Only you can prevent forest fires, but only Smokey could help us topple the Axis powers.
Forest fires posed a terrifying threat during World War II. Fighting wildfires required huge chunks of precious manpower that otherwise could have been utilized for building tanks or guns. Infernos also swallowed up thousands of acres of wood, a crucial ingredient in everything from warships to gunstocks.
To curb forest fires, the U.S. Forest Service and the War Advertising Council teamed up on a propaganda campaign. Walt Disney loaned the government the use of Bambi for a year to get things rolling, but the Forest Service wanted their own anti-fire mascot. Commercial illustrator Albert Staehle drafted an image of a shovel-toting bear. It took a few drafts, but after some government-mandated tweaks—including making the bear wear pants—Smokey was born.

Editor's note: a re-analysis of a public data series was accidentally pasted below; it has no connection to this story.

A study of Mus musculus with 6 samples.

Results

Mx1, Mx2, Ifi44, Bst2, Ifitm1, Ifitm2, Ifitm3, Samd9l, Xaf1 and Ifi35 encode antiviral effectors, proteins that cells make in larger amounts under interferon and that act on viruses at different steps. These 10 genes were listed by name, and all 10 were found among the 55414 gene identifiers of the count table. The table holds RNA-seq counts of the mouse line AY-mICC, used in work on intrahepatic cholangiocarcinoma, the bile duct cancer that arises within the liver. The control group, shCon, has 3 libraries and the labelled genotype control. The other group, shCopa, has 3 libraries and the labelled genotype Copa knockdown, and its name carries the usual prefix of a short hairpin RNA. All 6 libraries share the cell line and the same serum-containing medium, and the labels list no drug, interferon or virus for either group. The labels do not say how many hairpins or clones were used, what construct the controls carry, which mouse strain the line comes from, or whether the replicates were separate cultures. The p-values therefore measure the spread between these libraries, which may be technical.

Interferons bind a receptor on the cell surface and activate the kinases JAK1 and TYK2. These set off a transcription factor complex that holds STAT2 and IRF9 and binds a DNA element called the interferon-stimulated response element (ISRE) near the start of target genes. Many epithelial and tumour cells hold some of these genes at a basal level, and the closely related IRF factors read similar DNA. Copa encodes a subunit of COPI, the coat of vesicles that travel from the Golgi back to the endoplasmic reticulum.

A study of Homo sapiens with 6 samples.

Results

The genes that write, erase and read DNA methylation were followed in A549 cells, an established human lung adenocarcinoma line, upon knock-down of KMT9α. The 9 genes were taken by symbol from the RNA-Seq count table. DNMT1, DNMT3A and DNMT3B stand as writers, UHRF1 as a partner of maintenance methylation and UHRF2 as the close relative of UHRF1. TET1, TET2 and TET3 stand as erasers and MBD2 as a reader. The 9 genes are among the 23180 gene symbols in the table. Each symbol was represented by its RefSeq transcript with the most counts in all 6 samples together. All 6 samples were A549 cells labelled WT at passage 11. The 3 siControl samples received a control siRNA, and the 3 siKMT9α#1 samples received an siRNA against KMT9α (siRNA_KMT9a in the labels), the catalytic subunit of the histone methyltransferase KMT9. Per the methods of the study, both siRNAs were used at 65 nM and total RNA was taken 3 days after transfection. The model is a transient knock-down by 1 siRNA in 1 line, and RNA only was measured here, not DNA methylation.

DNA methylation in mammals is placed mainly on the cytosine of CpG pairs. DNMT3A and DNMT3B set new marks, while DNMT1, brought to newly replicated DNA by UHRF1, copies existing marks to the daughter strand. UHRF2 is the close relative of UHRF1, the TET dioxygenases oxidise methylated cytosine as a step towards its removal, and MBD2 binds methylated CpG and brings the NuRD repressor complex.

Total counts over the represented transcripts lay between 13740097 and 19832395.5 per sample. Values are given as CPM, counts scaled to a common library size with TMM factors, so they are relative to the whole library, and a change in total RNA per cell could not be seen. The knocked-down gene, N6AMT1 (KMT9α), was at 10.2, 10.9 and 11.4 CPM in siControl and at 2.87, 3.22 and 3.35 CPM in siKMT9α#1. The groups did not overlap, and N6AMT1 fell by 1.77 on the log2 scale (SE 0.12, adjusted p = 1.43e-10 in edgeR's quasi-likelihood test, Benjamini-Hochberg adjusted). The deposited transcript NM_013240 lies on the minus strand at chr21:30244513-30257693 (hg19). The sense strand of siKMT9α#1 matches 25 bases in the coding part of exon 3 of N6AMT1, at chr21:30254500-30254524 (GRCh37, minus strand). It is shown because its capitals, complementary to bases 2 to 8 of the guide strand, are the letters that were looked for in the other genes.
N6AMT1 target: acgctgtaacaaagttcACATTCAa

When Smokey debuted in 1944, his first posters bore the slogan “Smokey says—Care will prevent 9 out of 10 forest fires!” Although the words weren’t as catchy as the venerable “Only YOU can prevent forest fires”— a line he picked up in 1947—the character resonated with the public. Soon, Smokey was showing up on billboards and in magazines, and Americans became a bit more careful with their campfires and cigarette butts.
When forestry workers rescued a bear cub from a New Mexico wildfire in 1950, the Forestry Service adopted the cub as the living version of Smokey. The bear received so much fan mail that in 1964 he got his own ZIP code (20252). Today, the Department of Agriculture pulls in more than $1 million a year licensing Smokey’s likeness, all of which goes to—you guessed it—fire prevention programs.
This article originally appeared in mental_floss magazine. Get a free issue!